Since 1850 the pH value of the world’s oceans has fallen by 0.1 units, and it is expected to fall a further 0.2 units or so by the year 2100. The pH value is affected by the fact that one-third of the world’s carbon dioxide emissions into the atmosphere are absorbed by the oceans. This is positive because the increase in carbon dioxide levels in the atmosphere is slowed – the greenhouse effect is reduced somewhat. At the same time, however, the oceans are acidified when they absorb carbon dioxide.
Consequences for the marine ecosystem
The change in ocean pH value affects the whole marine ecosystem. Many marine plants and animals, such as corals, mussels, molluscs and crustaceans, form skeletons from chalk. When the pH value falls, forming chalk shells and skeletons requires more energy.
“Animals and plants with chalk shells and skeletons play an important role both in the marine food web and by forming habitats such as coral reefs. It is not, however, only organisms with chalk shells or skeletons that are affected. A decreasing pH value will probably lead to a sharp decrease in biological diversity,” says Bengt Karlson, marine biologist and scientist at SMHI.
Researchers at Gothenburg University have conducted experiments with animals and plants from the Baltic Sea and Kattegat-Skagerrak. The results show, for example, that larval stages can be particularly sensitive to acidification. In addition to impact on the marine ecosystem, some fundamental processes that occur in many organisms are affected, such as photosynthesis.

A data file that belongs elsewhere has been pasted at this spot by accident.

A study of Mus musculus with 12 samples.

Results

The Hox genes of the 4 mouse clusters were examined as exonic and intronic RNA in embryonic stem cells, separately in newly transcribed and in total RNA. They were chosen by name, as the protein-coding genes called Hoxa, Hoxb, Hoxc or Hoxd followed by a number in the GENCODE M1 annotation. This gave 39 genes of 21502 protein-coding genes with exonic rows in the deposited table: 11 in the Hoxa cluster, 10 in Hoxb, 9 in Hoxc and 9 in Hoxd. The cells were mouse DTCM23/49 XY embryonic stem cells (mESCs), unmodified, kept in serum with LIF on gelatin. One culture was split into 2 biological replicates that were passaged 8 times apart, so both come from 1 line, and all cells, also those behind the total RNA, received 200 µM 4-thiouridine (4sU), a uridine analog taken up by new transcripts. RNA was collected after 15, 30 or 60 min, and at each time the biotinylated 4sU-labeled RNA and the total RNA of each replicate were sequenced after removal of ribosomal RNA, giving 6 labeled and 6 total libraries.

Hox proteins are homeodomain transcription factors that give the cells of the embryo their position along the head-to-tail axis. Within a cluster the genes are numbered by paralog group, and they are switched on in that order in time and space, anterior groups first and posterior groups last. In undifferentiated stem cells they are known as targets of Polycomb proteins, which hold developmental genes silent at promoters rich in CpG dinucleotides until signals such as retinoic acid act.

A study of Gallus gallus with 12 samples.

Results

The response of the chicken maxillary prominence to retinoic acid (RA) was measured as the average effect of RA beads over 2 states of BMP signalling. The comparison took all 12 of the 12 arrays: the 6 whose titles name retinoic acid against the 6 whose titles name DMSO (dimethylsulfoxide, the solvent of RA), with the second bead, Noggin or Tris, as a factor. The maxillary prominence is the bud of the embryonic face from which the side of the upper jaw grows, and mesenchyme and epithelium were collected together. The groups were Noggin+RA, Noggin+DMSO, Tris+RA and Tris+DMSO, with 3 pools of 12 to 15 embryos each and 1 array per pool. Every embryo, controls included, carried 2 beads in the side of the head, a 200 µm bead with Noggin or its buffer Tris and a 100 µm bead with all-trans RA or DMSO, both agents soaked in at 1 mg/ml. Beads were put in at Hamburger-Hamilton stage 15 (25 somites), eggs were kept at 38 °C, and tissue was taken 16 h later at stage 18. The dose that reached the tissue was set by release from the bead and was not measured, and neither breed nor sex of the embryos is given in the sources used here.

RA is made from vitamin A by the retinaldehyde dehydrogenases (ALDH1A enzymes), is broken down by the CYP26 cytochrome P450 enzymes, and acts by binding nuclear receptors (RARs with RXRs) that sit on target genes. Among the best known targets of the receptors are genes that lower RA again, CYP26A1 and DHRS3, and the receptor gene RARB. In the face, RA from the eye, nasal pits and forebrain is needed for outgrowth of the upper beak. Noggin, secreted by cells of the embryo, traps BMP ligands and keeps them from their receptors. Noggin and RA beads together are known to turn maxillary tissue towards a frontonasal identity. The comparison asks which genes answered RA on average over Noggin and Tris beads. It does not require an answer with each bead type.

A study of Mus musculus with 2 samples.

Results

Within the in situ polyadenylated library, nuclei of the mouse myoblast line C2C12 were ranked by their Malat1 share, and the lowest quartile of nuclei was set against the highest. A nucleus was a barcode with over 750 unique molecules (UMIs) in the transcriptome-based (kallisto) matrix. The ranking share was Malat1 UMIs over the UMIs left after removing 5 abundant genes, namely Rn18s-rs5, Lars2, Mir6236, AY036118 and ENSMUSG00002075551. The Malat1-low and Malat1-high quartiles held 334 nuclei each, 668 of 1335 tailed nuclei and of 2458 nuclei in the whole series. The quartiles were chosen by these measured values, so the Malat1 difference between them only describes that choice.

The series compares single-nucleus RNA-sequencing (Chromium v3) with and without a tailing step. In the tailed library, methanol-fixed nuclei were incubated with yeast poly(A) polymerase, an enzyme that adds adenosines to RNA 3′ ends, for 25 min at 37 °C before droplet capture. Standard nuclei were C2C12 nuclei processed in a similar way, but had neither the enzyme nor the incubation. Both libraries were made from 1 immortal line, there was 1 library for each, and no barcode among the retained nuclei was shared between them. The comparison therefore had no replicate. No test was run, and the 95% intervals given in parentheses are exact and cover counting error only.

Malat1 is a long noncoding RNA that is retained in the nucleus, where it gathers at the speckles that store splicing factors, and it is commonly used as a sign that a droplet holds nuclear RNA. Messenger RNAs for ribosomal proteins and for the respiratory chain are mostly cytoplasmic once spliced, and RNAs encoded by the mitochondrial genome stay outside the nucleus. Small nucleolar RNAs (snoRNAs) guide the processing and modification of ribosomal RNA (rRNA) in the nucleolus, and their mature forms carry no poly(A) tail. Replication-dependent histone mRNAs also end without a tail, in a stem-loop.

New measurement technique and continuous measurements
In the research project entitled Ocean acidification – the state of the Baltic Sea and the Kattegat-Skagerrak, SMHI and Gothenburg University have examined the present conditions in the Baltic and Kattegat-Skagerrak. The project has also developed a new high-precision chemical measurement technique.
In addition to the standard monthly measurements using research vessels, continuous measurements are now also carried out using a cargo ship which sails a route from Gothenburg to northern Finland and back every week.
“Continuous and more accurate measurement provides us with information about natural variations in the oceans. Along with the monthly measurements, this provides us with a basis that leads to improved environmental monitoring,” says Karlson.
About the project
The three-year research project is funded by the Swedish Environmental Protection Agency/the Swedish Agency for Marine and Water Management and has been conducted by SMHI and Gothenburg University. Thanks to a collaboration with Transatlantic AB, continuous measurements can be carried out with the cargo ship TransPaper.
Measurements with FerryBox on the TransPaper
SMHI runs a FerryBox system on the TransPaper which sails the Gothenburg-Kemi-Oulu-Lübeck-Gothenburg route. This makes it possible to take measurements close to the surface in the Gulf of Bothnia, the Baltic Sea proper, the Belt Sea and the Kattegat twice a week. Automatic measurements are taken every 20 seconds and water samples every other week. The parameters measured include the amount of plankton, salt levels, temperature, oxygen content, the water’s transparency and brownness, and pH. Carbon dioxide is measured in both the air and water. Insolation and temperature are also measured in the air. Water samples are taken for plankton analysis and other laboratory analyses.